Asked if he has any regrets, he said: "Not now," although he acknowledged that "when everything is clear" it would be normal to find some mistakes.
Assad, 47, insists that there has been no popular uprising in his country and said he will not step down, hinting he will stay in his post until at least 2014, when elections are scheduled.
"I think for the president to stay or leave is a popular issue," he said.
He said that when foreign countries stop sending arms to rebels, "I can tell (you) that in weeks we can finish everything."
The conflict began largely with peaceful protests of Assad's rule but turned bloody after rebels took up arms in response to the regime's crackdown. Rebels have driven regime forces out of much of a pocket of northwestern Syria and battle troops in several cities and towns, even as the fight takes on dangerous sectarian tones between a mainly Sunni opposition and a regime dominated by Assad's minority Allawite sect.
Assad, who came to power after his father and predecessor Hafez died in 2000, said in a portion of the interview released Thursday that he will "live and die" in Syria and will not leave his country.
Sophie Shevardnadze, the RT correspondent who conducted the interview at a presidential palace in Damascus, said Assad told her before the session that his British-born wife, Asma, and his three children are still in Syria.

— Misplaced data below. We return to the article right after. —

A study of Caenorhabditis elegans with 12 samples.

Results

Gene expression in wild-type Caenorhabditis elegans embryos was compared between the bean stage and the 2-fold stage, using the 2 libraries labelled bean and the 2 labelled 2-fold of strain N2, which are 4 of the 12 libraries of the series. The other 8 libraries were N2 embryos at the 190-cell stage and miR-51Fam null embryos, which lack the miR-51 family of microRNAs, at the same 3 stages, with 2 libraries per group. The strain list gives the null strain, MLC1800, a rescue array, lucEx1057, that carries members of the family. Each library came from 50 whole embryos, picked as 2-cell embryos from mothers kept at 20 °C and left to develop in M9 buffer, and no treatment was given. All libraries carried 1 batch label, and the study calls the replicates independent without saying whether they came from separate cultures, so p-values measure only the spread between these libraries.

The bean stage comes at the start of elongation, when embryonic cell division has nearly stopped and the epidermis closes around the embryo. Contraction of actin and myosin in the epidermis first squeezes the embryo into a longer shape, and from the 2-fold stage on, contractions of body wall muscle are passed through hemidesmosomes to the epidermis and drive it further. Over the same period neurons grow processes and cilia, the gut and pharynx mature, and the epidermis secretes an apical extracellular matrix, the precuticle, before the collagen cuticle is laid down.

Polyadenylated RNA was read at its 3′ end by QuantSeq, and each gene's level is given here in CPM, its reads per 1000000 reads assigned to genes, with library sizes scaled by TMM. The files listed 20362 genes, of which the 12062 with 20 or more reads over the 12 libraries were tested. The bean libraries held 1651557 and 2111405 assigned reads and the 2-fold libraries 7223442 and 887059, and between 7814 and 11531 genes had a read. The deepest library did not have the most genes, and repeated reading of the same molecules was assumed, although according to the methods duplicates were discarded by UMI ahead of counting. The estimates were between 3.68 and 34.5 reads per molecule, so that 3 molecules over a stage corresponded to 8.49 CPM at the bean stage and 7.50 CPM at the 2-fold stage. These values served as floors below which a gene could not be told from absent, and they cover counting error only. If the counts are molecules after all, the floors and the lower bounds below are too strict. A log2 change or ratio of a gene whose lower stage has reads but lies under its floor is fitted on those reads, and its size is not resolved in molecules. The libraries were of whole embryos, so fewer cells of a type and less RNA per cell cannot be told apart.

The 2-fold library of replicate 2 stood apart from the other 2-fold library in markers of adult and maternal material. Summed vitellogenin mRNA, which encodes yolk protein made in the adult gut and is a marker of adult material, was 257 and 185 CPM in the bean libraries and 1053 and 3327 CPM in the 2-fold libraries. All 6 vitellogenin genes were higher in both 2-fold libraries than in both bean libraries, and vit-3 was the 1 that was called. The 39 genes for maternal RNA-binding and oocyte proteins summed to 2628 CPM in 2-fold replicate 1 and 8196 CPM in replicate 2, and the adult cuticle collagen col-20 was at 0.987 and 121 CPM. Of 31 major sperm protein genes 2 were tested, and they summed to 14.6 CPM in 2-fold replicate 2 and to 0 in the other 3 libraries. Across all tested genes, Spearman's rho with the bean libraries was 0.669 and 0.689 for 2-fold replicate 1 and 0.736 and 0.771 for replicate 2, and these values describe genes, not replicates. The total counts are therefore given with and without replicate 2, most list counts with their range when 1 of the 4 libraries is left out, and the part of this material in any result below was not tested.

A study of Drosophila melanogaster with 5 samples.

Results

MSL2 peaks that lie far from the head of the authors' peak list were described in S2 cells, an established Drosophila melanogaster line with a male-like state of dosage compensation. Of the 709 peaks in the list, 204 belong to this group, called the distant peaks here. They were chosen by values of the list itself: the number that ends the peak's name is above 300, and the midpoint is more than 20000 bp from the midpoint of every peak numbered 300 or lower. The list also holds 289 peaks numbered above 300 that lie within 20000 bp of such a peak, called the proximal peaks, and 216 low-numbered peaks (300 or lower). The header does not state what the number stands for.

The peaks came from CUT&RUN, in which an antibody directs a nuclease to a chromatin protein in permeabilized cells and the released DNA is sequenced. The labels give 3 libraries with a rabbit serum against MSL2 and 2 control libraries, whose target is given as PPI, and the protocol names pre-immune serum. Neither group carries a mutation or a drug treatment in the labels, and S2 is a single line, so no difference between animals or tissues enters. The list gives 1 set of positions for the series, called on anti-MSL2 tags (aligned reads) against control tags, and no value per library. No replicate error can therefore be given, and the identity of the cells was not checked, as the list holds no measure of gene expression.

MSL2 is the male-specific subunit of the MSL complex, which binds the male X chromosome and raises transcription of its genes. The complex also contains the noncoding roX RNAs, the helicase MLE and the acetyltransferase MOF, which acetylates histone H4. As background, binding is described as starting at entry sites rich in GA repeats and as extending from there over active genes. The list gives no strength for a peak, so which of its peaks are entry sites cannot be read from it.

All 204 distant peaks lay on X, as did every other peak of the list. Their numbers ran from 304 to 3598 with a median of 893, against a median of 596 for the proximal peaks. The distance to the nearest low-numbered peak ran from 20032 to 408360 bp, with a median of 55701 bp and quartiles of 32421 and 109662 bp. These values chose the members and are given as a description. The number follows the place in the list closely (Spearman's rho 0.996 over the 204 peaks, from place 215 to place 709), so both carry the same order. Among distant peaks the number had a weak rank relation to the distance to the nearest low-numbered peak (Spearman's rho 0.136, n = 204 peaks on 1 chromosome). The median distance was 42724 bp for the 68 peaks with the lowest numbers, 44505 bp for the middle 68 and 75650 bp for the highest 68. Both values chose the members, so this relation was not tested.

The Observatory said at least 120 people were killed in violence across the country Friday, including 18 who died in intense shelling of the eastern town of Qouriyeh in the Deir el-Zour province, which borders Iraq.
Amateur video posted by Syrian activists showed graphic footage of men, women and children, some of them with gaping wounds at what appeared to be a market.
Activist videos could not be independently verified due to reporting restrictions in Syria, but they appeared genuine and corresponded to other AP reporting of the events depicted.
A car bomb near the mayor's office in the Damascus suburb of Maadamiyeh killed at least four people, the Observatory said.
Syria's main opposition bloc in exile, the Syrian National Council, chose a Paris-based former geography teacher Friday as its new president. George Sabra, a Christian, said his election is a sign the opposition is not plagued by sectarian divisions.
But the SNC suffered a major blow when the Local Coordination Committees, a key activist network in Syria, announced it was withdrawing from the council. In a statement Friday, it said the SNC has failed to reform and was no longer considered fit to be the political representative of the Syrian people.
Adib Shishakly, one of the SNC's founders and the grandson of a former president of Syria, also announced his resignation because of the group's lack of transparency and failure to reform.
The SNC has been widely criticized by U.S. officials and other Syrian oposition groups as being petty, ineffective and cut off from events in Syria.
The resignations came as the SNC was debating in Doha, Qatar, whether to become part of a single leadership group that would set up a transitional government in rebel-held areas of Syria. Several senior SNC members said the group is likely to accept the U.S.-backed plan in principle, possibly by the end of Friday, but has significant reservations.
Proponents say the plan could give new momentum to the battle to oust Assad.
Heilprin reported from Geneva. Associated Press writers Suzan Fraser in Ankara, Turkey, Karin Laub in Doha, Qatar, and Bassem Mroue in Beirut, Lebanon contributed to this report.